How to keep your child’s brain active during holidays

Holidays are a period when children are excited about spending long hours sleeping, playing, meeting new friends, and watching movies as a way to cool off after a hectic school term. But without proper guidance and supervision, they are unlikely going to engage in constructive activities, which can impact their academic growth negatively. This, therefore, calls for parents and teachers to devise ways of keeping school-going children active in holidays.

“Holidays should not only be about merry making, eating, sleeping, visiting and watching TV. Rather, children should spare at least two hours daily to do revision, especially for subjects they are weak at,” says Theoneste Ngiruwonsanga, a language teacher at APPEC College Remera, Kigali.

He adds that teachers should take the responsibility of giving children holiday packages that would enable them keep abreast with what they studied the previous term.

“I call upon children to balance their time; they should do home chores but still spare some time to do some research and compare notes with colleagues from other schools,” adds Ngiruwonsanga.

For Emmy Ntigurirwa, a Swahili and English teacher, parents should guide their children on how to revise by helping them to draw time tables.

He says parents should not bury their kids in only home chores, but calls upon parents who can afford to find teachers to coach their children at home to do so because it would keep them informed and safeguard them from bad groups.

“Extra-curricular activities are also advisable for children during holidays. For example, they should participate in sports and club activities to discuss with their counterparts different aspects of life like the environment,” he says.

Ntigurirwa notes that parents ought to know that education is not only a teacher’s responsibility but also a parent’s duty.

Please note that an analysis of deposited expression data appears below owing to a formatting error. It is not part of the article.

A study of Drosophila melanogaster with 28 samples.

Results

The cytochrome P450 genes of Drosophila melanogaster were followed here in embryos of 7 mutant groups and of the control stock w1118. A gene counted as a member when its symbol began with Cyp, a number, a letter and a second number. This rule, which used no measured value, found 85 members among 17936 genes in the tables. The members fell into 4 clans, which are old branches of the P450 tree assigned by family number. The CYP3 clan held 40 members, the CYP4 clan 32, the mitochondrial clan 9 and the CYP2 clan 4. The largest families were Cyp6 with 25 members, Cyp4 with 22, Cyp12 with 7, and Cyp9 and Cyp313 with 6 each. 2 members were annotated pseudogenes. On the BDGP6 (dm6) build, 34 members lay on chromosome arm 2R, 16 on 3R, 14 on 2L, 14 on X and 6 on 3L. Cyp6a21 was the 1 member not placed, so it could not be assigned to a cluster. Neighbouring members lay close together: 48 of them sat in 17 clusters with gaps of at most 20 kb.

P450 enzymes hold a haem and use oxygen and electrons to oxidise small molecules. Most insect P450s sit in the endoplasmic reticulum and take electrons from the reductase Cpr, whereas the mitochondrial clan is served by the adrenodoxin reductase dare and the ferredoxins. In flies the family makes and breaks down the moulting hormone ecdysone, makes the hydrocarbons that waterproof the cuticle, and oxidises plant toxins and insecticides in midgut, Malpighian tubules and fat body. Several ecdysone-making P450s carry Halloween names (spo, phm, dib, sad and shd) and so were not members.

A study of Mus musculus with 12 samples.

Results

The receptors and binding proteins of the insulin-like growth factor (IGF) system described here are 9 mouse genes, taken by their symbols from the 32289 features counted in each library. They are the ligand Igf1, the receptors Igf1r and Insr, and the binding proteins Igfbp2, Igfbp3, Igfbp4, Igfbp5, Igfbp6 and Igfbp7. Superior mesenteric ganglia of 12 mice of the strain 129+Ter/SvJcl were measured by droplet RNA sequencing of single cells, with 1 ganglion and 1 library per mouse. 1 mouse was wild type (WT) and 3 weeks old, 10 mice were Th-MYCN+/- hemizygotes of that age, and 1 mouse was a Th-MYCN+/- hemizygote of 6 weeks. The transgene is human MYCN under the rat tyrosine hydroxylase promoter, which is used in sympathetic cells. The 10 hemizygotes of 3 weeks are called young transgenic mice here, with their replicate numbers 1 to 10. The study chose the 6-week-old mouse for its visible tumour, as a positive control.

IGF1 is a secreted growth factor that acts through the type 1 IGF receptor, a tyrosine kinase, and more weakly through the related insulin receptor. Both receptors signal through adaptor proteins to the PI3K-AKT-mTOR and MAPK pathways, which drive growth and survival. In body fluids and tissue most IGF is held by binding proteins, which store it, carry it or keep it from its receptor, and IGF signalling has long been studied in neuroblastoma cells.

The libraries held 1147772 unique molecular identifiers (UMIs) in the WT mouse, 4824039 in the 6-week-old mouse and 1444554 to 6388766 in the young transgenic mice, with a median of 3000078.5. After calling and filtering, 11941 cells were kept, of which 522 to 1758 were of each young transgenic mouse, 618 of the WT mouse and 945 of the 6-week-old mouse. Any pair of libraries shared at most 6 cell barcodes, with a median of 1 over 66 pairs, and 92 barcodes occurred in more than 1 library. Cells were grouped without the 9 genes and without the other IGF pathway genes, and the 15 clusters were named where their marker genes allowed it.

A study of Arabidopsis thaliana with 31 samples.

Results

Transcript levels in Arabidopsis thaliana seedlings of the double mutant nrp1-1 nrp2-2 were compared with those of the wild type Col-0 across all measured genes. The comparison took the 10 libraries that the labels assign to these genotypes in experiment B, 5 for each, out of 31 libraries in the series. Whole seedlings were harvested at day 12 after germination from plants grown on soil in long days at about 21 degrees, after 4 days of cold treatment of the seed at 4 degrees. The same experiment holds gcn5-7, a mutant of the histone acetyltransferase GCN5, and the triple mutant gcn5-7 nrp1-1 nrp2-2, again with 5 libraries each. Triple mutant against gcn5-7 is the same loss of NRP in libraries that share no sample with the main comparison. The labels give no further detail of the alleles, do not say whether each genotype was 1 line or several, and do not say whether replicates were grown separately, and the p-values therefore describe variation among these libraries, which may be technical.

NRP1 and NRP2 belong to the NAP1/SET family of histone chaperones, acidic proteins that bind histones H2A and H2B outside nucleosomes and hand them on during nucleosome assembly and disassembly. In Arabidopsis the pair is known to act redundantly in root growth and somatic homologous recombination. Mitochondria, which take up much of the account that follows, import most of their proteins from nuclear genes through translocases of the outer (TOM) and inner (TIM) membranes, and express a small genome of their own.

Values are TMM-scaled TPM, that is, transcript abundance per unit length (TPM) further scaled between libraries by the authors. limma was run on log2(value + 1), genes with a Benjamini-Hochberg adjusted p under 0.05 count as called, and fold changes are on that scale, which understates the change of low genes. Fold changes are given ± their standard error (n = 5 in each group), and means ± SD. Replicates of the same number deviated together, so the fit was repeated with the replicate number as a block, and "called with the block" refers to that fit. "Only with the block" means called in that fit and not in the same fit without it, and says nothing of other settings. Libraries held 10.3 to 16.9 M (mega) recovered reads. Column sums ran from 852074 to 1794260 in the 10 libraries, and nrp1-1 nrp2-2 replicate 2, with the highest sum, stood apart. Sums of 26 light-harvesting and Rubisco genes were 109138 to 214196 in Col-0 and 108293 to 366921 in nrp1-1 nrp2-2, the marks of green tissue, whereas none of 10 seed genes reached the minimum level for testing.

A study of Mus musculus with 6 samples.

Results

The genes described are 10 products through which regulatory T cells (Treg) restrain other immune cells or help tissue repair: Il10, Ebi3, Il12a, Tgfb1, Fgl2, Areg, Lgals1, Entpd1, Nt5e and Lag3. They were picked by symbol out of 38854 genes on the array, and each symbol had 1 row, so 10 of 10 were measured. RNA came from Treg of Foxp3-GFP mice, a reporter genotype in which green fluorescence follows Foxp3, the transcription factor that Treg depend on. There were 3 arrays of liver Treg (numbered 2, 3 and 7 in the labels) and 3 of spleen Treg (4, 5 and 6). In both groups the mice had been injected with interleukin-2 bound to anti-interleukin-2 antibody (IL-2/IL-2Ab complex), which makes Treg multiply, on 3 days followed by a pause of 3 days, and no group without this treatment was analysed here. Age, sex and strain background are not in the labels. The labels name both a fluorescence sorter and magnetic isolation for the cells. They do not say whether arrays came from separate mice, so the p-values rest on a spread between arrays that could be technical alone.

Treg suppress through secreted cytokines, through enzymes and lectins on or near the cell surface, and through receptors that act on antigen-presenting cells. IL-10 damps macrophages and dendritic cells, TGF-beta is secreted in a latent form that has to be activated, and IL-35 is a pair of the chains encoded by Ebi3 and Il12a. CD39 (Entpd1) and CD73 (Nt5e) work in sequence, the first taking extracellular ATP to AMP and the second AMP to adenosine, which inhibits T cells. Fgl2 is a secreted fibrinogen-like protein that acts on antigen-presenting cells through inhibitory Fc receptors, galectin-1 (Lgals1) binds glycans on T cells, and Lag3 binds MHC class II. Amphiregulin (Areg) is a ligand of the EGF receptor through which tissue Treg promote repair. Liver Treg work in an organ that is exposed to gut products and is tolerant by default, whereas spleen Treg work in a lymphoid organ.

Ngiruwonsanga says parents should take the initiative to buy their children read materials during holidays as a means of keeping them engaged positively.

“For children’s brains to be active, they can read any material they come their way like textbooks, magazines and newspapers, then later share with their family members about the new things they will have learnt,” says  Collins Odhiambo, a teacher and counsellor.

He adds that parents should also engage their children in other activities that promote talent growth like singing or dancing lessons.

Odhiambo, nevertheless says parents should engage their children in different home chores such as cooking, washing and mopping so that they grow up knowing how to be responsible.

For Valens Safari, an educationist, parents should make it a point to take their children to libraries in order for them to research and read ahead.

“Children should also be given treats through picnics, trips, visiting different places like the museum, after which they should be tasked to write stories of their experiences. This is both a form of fun and a learning avenue,” he says.

He explains that children should be taught simple skills like baking chapattis or cakes so that they learn to work hard.

Safari advises that for families with farms, children should also take part in farm activities like grazing, looking after poultry and livestock to enable them enjoy the fresh air outdoors and learn new skills.

He calls upon children to participate in youth programmes during holidays.

“Some of these provide them an avenue to learn about the dangers of drug abuse, unwanted pregnancies, peer influence, and also boost their creativity,” he says.

Parents’ take

According to Wilson Mucho, a resident of Kabeza, Kigali, children need to go visit relatives so that they learn about their family circles as well as how to survive away from home.

He says children should be given daily assignments that challenge and develop their metal skills. For example, parents should ask their children about what the news was about, and prices of different commodities.

“Parents should let children explore more about different cultures by inviting their friends at home so that they do group discussions,” says Peter Kalisa, a father of three.

He adds that children should be taught to keep a journal of each activity they do every day to help them grow their organizational and time management skills.